Exploring the benefits of underfloor heating
Underfloor heating is well suited to large projects and makes efficient use of energy. This is the Eden Project in Cornwall.
Comfort levels, space restrictions, interior design — the arguments for underfloor heating are endless. REX INGRAM gives advice on the planning and design of underfloor heating system.High comfort levels, together with low running cost and environmental benefits, have resulted in a growing demand for underfloor heating systems. The UK market is currently growing at 20% per annum. Underfloor heating is the most comfortable form of heating because it is largely radiant, and people have evolved physiologically to prefer this form of heating. It is completely unobtrusive, and some people estimate that this gives an average of 15% more usable space in a room. It is completely safe and more hygienic than radiators. And it is more energy efficient. Radiant energy from the floor is absorbed by the other surfaces in a room, which warm up and become secondary radiant emitters. We become surrounded by gently radiating surfaces, which is very comfortable. There are no floor draughts and the temperature in all parts of the room is even. Convective forms of heating, such as radiators, use the air in a room as the transport mechanism to move energy into the whole room from a small surface that must be very hot compared with the room air. The hottest air is at ceiling level and the coldest is at floor level. The air can become dry and cause dry eyes and stuffy noses. Convection circulation can also pick up dust from the floor and put it into the air we breathe. Energy efficiency
Most new buildings can be kept warm with heating power in the range 35 to 75W/m2, which can be achieved with floor-surface temperatures of just 24 to 27°C. The maximum floor temperature should not normally exceed 29°C, although up to 34°C is acceptable for bathrooms. An underfloor heating system uses water at a much lower temperature than that required by radiators, making it ideal to be fuelled by alternative energy sources such as solar or geothermal energy. Depending on the conductivity of the floor, the water needs to be between 40 and 60°C to reach the design floor temperature. By contrast, radiators generally require the water to be at 70 to 80°C. When designing an underfloor heating system to heat an entire building, some modern boilers can supply the water at the low temperature required directly to the heating system. The internal pump of such a boiler can be used to circulate the water around the pipe circuits. Floor types
If the boiler cannot supply the water at the required temperature, it is necessary to add a water-mixing control unit to reduce the water temperature before it enters the underfloor heating system. There are forms of underfloor heating to fit every type of floor construction (screeds, fully floating timber floors, battened and joisted floors), as well as floor constructions that incorporate acoustic components required to comply with Part E of the Building Regulations. Screed
Before the screed is laid, edge insulation should be set all round the periphery of the room to allow for thermal movement in the screed during the year. The heating pipe is fixed to the top of the insulation, just before the screed is laid. The pipe should generally be set at 200 mm spacing. This is close enough to guarantee best heating performance and minimises the length of pipe needed. The pipe can be stapled to firm insulation and fixed with screw clips to soft insulation. Another option is system plates. These vacuum-formed plastic panels have moulded pipe grippers to hold the pipe securely and at regular spacing. Timber floors (floating)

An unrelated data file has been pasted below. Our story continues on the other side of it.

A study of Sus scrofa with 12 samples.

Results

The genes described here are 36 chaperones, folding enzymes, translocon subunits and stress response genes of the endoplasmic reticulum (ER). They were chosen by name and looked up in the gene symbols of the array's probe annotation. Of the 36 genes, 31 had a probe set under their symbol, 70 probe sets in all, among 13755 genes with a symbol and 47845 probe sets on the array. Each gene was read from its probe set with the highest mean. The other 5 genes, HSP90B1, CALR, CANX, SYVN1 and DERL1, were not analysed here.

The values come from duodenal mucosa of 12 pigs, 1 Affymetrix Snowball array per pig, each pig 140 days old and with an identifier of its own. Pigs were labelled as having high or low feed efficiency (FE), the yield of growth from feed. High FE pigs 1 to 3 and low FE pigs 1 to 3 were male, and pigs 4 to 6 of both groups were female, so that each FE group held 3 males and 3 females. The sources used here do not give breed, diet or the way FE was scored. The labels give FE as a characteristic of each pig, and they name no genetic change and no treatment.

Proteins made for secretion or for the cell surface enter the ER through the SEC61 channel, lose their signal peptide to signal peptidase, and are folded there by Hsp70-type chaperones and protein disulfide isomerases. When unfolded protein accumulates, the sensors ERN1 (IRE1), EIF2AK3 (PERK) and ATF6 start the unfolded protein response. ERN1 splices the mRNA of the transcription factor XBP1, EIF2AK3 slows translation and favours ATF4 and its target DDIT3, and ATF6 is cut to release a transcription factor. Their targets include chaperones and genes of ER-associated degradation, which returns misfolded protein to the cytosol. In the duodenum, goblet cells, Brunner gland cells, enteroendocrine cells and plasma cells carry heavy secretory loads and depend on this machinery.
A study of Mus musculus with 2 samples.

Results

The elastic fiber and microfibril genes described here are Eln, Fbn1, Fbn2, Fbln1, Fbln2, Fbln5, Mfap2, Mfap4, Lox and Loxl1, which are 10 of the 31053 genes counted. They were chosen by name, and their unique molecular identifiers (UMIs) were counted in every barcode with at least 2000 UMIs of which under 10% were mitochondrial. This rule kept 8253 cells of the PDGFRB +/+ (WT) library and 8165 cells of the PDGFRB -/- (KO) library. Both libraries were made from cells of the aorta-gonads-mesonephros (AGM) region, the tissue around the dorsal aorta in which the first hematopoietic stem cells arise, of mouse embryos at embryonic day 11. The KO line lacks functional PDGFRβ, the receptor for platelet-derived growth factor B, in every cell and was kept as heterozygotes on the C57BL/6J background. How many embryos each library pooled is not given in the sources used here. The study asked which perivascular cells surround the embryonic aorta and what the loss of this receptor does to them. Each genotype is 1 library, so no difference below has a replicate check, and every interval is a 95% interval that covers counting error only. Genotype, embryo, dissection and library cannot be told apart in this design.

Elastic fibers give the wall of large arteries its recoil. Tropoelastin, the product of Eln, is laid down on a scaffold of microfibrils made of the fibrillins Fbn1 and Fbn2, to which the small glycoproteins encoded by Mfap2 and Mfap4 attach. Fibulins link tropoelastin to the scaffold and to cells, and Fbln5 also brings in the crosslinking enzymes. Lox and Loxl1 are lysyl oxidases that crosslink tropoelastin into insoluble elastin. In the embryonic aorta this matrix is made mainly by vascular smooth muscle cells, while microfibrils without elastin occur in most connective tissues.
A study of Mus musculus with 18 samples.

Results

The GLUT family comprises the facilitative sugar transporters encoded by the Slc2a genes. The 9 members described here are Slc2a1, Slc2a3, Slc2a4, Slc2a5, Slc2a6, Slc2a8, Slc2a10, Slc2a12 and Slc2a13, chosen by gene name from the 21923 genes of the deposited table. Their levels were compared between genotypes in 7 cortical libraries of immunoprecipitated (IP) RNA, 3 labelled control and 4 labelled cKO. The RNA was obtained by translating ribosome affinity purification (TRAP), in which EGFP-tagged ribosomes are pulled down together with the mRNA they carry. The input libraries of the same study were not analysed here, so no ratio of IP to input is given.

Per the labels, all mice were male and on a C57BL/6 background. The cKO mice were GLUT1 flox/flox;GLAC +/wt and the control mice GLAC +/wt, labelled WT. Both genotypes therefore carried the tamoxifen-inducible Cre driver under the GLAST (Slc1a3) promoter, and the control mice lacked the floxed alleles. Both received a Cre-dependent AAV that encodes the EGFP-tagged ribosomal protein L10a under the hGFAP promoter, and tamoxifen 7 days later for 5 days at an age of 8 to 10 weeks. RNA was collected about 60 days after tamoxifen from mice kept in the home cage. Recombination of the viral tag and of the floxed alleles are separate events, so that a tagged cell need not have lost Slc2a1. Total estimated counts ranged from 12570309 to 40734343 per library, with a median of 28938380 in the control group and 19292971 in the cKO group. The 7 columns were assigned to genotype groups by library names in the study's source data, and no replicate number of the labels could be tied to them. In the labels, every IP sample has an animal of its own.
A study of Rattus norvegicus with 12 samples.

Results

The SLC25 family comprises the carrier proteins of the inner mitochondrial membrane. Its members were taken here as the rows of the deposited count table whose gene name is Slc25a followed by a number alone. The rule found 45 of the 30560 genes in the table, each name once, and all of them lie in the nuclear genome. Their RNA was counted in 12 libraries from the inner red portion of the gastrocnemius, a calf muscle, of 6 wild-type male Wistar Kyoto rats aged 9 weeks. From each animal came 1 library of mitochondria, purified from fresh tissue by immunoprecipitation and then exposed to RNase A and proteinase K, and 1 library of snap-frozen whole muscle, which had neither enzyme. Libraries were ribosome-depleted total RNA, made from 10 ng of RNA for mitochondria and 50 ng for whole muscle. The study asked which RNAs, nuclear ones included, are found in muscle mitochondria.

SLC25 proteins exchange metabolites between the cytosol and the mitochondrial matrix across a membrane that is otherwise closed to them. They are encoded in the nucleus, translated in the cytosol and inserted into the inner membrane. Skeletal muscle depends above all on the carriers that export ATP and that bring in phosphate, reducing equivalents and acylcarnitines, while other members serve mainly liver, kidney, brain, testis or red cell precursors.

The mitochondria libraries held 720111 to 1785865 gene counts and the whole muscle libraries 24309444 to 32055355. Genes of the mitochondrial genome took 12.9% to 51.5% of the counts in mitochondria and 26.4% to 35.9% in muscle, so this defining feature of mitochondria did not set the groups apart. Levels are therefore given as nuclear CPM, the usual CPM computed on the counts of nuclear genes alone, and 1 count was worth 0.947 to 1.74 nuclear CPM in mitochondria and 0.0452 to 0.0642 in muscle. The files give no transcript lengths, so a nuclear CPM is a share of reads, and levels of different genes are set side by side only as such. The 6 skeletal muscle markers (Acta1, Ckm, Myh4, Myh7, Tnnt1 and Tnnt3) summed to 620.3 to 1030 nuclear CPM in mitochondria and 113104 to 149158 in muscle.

Panels of insulation are used to support a timber floor deck. This is normally formed from tongued-and-grooved panels of chipboard or plywood. Floating-floor panels with pre-cut pipe channels and factory-fitted aluminium heat diffusers are available to be used instead of plain insulation panels to support a fully floating deck. These purpose-build panels have a higher conductivity and help minimise downward heat loss. Timber battens, joists and I-beams
Battens are used where the floor loadings are to be higher than can be supported by a fully floating floor or where the floor deck is to be formed from planks to be nailed down to a support. Softwood joists are commonly used in intermediate floors, although manufactured I-beams are often used because they can be stronger and are more stable dimensionally. Pre-fabricated batten/joist panels are available from Wavin to fit between battens and automatically space these at nominal 400/600 mm centres or to be fitted between softwood joists. Underfloor heating is easy to install. The mechanism for fixing pipe or heating cable into the floor is simple. Working out where to put the pipe and what pipe centres to use is more complicated. Sorting out where to put manifolds and controls also requires an amount of expertise. If it is planned to design and install a small area of underfloor heating, underfloor heating products available through merchants are easy to use. If the project is larger, it is better to seek the help of a professional underfloor heating supplier, ideally a member of UHMA — the Underfloor Heating Manufacturers’ Association. Rex Ingram is managing director of OSMA Underfloor Heating, 18 Apple Lane, Sowton Trade City, Exeter, Devon EX2 5GL. Wavin produces an ‘OSMA underfloor heating hidden advantage guide’ for installers. It describes the wide range of solutions on offer from OSMA Underfloor Heating and provides best practice advice for working with UFH systems in domestic and commercial applications.